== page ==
North Texas Daily

Broken news

Broken news

April 17
21:28 2013

Yesterday was a rough day for CNN. Sure, the bombings at the Boston Marathon this week whipped all of our favorite cable news networks into a frenzy of coverage, but CNN has the biggest reason to be a little embarrassed after yesterday afternoon.

The venerable news giant got a little ahead of itself by breaking the news that an arrest was made in connection with the Boston bombing, with anchor John King reporting that video surveillance of the scene revealed a suspect.

At time of print, some of this information is still true. What’s not true is that this suspect has been identified or apprehended in any way—the Boston Police Department and the FBI deny that any arrests have taken place at this time, and the “possible suspect” in the video footage has not been identified.

The reason for this mix-up? According to the FBI and other Boston law enforcement, CNN didn’t do its homework.

In fact, the confusion grew so quickly that the FBI was forced to issue an official response. And it sounds like its agents weren’t so happy about the way the media was treating the case.

Contrary to widespread reporting, no arrest has been made in connection with the Boston Marathon attack. Over the past day and a half, there have been a number of press reports based on information from unofficial sources that has been inaccurate. 

Since these stories often have unintended consequences, we ask the media, particularly at this early stage of the investigation, to exercise caution and attempt to verify information through appropriate official channels before reporting.

– FBI press release

Let’s sum this up: CNN’s law enforcement sources for this “breaking news” were allegedly mostly unofficial, and some of them gave contrary information on whether or not law enforcement on the ground had actually made an arrest.

But a scoop this juicy is a once-in-a-lifetime, career-defining opportunity for any broadcast news journalist, so caution hit the wind and the story hit the web.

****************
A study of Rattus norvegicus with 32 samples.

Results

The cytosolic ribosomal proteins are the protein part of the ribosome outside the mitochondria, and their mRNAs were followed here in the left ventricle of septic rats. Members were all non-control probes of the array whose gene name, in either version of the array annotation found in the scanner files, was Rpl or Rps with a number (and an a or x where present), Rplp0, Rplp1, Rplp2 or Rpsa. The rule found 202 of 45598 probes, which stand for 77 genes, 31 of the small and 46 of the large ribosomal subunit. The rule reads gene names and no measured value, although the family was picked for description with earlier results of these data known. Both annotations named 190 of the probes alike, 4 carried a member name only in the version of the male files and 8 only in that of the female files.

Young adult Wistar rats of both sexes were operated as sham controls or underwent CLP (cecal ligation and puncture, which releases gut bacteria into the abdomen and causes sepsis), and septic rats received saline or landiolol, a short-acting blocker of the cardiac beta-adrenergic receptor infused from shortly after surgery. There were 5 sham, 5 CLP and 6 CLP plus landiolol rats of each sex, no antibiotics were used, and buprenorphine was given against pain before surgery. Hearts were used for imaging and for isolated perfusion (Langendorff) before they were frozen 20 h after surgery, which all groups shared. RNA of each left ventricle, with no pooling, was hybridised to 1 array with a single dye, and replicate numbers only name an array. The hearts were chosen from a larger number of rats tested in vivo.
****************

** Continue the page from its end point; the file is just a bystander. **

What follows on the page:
The network even briefly reported that the suspect in custody was a “dark-skinned, male individual.” Moments later, CBS apparently found an unreliable source of their own and began tweeting that the suspect was actually a white male. That’s just awkward for everyone, right?

Frantic to ride the wave and avoid looking slow or unprofessional, other news outlets jumped on the story, sourcing CNN instead of taking the time to verify the details.

By the time the Boston Police Department and the FBI put the brakes on this whole mess, the wild speculation and poorly-sourced sensationalism had rolled like a really humiliating tumbleweed across CNN, the Associated Press and Fox News, along with dozens of smaller outlets.

All three of these major news providers were forced to walk these statements back and cover for their shady fact-finding by blaming a lack of communication between reporters and inside sources.

The moral of this story? When millions of people rely on you for the latest information, it’s probably a good idea to make sure what you’re saying is actually true. Sure, a few faster, shoddier news sources might beat you to the punch, but that means they’ll just be the first to be totally wrong.

Shooting first and asking questions later isn’t just dishonest and risky, it’s bad journalism. We can’t really tell you which news outlets to rely on when issues like these pop up, but we recommend reading as many as you can and being patient as the details work themselves out.

There are only two things you should remember from yesterday’s three-ring network circus: The people investigating these horrible acts of terror are making progress—and when they find whoever’s behind the attacks in Boston, you’ll probably hear it wrong first on CNN.